Queen Elizabeth may have celebrated her 91st birthday on 21st April but celebrations do not stop there. She will be celebrating her official birthday, marked with the Trooping of the Colour, on Saturday, 17th June.
Queen’s Official Birthday Parade
The Queen’s official birthday usually falls on the second Saturday of June but this year is different. The celebrations will be on the third Saturday, which will start at 9:15 am when the troops start to form. At 10:45 am, the Queen will be escorted in a carriage from Buckingham Palace in a grand procession. Accompanied by the Household Cavalry, she will arrive at the Horse Guards Palace at 11 am. The monarch will take the Royal Salute and will inspect her troops. This is composed of 2,000 members of the Household Division and Horse Guards comprising of 1,400 soldiers and 400 musicians.
The Trooping of the Colour will not be complete without the parading of the regimental flag in front of the Queen. The flag, which changes annually, usually comes from one of the Five Foot Guards regiments. It can either be Welsh, Irish, Scots, Grenadier, or Coldstream guards.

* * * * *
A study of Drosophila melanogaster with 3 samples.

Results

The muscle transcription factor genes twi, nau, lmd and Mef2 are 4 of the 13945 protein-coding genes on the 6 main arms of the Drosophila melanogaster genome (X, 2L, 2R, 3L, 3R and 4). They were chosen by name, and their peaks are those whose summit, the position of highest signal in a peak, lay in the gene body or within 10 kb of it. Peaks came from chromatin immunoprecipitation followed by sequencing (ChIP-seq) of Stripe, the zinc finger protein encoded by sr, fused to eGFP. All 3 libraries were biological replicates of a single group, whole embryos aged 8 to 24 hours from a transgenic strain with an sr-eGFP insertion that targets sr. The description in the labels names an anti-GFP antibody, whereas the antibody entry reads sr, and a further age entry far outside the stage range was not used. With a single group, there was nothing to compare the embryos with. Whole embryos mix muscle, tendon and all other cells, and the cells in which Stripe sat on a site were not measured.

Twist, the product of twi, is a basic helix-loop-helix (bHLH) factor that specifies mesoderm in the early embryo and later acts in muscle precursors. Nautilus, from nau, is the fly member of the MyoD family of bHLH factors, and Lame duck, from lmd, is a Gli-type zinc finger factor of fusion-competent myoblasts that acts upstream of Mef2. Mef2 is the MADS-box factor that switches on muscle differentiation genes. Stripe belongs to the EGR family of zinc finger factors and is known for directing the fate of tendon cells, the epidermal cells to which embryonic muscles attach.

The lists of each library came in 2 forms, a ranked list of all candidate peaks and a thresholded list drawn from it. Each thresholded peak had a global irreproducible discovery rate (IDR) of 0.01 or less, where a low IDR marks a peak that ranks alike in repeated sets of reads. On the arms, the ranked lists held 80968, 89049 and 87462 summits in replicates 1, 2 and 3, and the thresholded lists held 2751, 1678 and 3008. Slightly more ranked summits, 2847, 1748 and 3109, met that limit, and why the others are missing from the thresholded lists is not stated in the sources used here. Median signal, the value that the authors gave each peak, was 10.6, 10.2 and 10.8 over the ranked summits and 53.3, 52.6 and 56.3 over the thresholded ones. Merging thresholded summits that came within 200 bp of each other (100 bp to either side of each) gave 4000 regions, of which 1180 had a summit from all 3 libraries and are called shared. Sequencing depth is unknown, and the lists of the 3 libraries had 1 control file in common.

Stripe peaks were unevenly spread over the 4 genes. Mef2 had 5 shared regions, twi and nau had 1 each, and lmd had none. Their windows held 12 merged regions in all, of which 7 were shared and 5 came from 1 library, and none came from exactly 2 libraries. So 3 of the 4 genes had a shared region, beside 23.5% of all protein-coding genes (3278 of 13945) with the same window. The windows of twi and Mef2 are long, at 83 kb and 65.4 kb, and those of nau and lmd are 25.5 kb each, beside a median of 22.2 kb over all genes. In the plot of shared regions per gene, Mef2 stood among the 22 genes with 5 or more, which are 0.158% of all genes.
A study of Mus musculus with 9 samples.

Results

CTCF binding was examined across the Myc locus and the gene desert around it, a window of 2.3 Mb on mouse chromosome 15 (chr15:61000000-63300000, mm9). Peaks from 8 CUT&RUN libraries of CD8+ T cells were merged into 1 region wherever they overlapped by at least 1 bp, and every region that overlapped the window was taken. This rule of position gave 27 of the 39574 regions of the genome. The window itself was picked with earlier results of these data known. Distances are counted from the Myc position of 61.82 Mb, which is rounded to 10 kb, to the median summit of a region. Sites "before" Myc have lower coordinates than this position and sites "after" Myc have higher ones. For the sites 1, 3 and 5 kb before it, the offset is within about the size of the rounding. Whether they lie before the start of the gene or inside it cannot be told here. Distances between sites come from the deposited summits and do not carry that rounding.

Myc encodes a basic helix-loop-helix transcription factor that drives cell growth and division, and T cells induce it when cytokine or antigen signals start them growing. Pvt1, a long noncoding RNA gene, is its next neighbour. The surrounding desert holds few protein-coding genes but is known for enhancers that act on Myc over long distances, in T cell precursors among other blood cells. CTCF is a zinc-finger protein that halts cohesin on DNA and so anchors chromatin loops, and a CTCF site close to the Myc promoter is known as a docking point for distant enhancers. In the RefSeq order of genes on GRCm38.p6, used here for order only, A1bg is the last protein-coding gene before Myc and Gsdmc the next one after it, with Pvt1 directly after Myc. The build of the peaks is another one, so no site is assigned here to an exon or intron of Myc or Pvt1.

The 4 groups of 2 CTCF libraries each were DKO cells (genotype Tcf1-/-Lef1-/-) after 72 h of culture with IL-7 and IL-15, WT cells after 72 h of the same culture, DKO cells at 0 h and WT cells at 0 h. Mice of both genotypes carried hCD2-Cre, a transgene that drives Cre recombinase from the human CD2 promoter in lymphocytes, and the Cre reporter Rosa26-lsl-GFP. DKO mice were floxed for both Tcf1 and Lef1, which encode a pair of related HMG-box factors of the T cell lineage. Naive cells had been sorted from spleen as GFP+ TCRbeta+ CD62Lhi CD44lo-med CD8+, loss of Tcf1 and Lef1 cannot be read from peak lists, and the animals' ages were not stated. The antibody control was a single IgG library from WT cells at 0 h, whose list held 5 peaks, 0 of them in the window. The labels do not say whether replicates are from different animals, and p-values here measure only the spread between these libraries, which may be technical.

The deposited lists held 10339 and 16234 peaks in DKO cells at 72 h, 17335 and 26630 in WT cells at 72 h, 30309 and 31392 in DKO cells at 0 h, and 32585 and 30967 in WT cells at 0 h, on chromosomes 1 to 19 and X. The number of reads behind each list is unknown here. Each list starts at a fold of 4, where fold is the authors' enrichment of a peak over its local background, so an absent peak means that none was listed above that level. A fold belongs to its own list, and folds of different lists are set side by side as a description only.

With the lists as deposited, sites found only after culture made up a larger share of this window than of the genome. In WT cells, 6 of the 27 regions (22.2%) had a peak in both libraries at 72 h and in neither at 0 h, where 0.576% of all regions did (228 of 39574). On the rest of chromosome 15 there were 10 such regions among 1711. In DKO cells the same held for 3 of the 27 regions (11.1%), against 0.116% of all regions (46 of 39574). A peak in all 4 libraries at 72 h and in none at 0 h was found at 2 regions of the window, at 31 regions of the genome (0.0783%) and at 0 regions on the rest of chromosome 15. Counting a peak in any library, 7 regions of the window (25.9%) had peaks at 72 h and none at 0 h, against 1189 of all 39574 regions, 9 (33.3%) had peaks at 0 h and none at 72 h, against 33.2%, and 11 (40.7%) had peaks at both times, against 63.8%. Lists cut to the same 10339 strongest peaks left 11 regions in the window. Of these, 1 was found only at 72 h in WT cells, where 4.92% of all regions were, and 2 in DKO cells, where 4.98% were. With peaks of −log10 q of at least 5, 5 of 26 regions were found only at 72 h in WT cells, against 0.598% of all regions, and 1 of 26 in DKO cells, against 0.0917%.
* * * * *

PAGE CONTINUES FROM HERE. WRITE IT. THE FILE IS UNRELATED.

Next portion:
The 1st Battalion of the Irish Guards will be providing the Colour this year, the first time since 2009. Their Colonel is no less than Prince William, who took the position in 2011.
At 12:52 pm, there will be a loud cannonade of artillery from Green Park and the Tower of London. Finally, the Queen will be joined by the rest of the Royal Family on the balcony of the Palace. They will wave at the crowds and watch the Royal Air Force Flypast.
Spectators may catch a glimpse of the Queen when she passes by The Mall on her way back to Buckingham Palace. They may opt to join the crowds on the edge of St. James’s Park overlooking Horse Guards Parade. They need to be earlier than 9 am to get a spot and catch the action. If you prefer to stay at home, you can watch on TV as the entire parade will be broadcasted.
About Queen’s Official Birthday Trooping of Colour
The Queen’s Official Birthday dates back to the time of King George II in 1748. The King was born in the cold month of November, which was considered unsuitable for a parade. The Trooping of the Colour ceremony has existed in numerous forms since the 17th century. It is believed to have started during the reign of King Charles II between 1660 and 1685. King George IV decided to use the parade to mark the sovereign’s official birthday in 1820. It has become a tradition for monarchs to have birthday two celebrations if they were not born in the summer. This would allow the public to join the festivities.